It wasn’t clear if the assessment would lead to the full-scale audit that shareholders backed with 55% of the final vote at last week’s annual meeting. In an audit, the Chicago-based company likely would have to gather details and data from its franchised locations, along with customers and suppliers, to measure if and how their practices may be contributing to social and racial inequities.
About 95% of McDonald’s locations are franchised and employ their own staff, which means they make individual decisions on hiring and pay.
A wave of companies are facing investor pressure on environmental, social and governance issues. Lowe’s Cos. said in a filing Thursday that its shareholders voted in favor of a proposal calling for a report on racial and gender wage gaps within the chain, after Home Depot Inc. shareholders previously backed a racial-equity audit. Like McDonald’s board, directors at the home-improvement companies had recommended votes against the proposals.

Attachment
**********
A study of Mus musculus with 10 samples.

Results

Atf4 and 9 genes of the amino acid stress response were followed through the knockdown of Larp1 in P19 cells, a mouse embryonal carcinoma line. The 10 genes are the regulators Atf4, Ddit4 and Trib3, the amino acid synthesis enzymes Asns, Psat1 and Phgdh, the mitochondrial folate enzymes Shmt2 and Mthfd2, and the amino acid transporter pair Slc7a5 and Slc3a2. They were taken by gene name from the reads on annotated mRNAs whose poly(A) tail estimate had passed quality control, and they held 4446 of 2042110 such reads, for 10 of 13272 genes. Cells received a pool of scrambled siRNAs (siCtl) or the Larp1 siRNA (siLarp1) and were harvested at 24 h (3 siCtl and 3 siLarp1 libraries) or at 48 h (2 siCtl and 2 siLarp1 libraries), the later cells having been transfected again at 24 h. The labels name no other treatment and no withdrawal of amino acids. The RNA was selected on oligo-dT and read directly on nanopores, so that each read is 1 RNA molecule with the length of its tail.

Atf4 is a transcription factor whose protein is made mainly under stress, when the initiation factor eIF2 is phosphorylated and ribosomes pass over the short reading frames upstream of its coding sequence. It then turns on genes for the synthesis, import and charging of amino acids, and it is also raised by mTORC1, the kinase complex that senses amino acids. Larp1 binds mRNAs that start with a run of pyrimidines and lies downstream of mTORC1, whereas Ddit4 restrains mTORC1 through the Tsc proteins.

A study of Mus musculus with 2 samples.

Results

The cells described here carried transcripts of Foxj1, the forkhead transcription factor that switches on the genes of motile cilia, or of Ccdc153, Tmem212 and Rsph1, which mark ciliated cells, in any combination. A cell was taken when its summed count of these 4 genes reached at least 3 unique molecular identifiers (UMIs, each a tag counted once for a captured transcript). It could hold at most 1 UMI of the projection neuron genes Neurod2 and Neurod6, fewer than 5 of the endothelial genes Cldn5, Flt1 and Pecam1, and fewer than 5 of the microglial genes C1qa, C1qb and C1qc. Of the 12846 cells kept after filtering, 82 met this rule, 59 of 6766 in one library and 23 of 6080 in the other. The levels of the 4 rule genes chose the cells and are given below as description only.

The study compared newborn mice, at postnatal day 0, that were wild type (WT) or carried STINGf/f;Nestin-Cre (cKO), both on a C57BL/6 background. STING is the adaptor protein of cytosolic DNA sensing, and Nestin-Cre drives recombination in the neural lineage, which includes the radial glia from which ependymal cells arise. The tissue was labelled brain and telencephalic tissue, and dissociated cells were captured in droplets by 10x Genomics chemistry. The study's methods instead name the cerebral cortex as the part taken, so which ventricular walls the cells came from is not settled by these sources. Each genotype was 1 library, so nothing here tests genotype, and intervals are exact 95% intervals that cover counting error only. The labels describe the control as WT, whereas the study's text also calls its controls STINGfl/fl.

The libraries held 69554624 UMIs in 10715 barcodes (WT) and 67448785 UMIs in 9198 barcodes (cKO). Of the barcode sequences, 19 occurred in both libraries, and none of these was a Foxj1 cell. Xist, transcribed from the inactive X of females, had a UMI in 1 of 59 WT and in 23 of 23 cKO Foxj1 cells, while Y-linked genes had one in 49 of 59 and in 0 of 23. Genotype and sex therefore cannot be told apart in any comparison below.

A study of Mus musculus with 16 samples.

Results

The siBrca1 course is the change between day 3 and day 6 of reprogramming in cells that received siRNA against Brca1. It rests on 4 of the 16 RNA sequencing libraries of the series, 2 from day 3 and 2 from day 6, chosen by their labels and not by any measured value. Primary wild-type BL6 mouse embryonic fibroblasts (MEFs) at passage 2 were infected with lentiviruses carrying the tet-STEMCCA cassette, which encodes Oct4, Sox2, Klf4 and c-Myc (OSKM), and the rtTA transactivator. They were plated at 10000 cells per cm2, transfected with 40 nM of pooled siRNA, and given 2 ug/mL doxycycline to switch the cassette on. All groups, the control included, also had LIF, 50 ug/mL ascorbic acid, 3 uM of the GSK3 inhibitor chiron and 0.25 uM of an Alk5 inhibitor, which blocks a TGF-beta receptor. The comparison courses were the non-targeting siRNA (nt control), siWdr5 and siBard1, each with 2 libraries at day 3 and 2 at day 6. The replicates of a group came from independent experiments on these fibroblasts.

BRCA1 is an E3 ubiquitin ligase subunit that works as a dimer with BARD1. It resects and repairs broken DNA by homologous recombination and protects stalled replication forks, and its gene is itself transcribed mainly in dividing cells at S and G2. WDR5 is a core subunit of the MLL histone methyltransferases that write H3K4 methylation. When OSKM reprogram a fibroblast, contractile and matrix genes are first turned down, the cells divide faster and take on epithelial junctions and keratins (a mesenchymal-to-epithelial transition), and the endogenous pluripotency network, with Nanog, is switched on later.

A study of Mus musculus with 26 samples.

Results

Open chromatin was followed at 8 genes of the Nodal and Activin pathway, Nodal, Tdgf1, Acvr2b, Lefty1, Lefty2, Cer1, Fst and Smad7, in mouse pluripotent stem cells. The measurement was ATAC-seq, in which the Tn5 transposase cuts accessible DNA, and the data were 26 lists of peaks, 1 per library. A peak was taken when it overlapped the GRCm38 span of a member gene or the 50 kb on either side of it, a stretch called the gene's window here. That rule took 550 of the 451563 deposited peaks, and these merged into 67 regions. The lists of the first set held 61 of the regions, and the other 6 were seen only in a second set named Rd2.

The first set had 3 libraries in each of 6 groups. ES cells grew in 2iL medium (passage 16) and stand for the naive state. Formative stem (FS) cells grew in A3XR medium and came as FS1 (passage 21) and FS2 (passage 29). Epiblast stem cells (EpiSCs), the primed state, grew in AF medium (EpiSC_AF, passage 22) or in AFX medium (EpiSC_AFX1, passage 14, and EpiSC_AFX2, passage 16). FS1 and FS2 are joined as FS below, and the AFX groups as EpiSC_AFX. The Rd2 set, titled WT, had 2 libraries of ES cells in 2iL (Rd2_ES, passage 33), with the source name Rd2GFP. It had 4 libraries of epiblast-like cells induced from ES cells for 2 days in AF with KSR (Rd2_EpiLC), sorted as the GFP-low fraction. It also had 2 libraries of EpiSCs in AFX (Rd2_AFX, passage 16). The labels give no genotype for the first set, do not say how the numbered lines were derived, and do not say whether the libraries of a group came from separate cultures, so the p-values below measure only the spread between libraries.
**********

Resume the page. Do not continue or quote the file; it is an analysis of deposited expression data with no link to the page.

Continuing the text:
Lowe’s board will take shareholders’ votes “into consideration and will determine the appropriate action,” a company spokesperson said via email Friday.
Other Lowe’s ESG measures that failed to pass called for a report on the risks of state policies restricting reproductive health care, and a civil-rights and nondiscrimination audit and report.
People of color represent 32% of Lowe’s workforce and 24% of its leadership roles, according to the Mooresville, North Carolina-based company’s proxy statement. Women make up 39% of the employee base and 30% of leadership positions.
Currently, more than 20% of the 100 biggest US employers disclose adjusted pay gaps, and companies are also increasingly reporting unadjusted gaps, the resolution said.
The Wall Street Journal reported earlier Thursday on McDonald’s planned third-party assessment.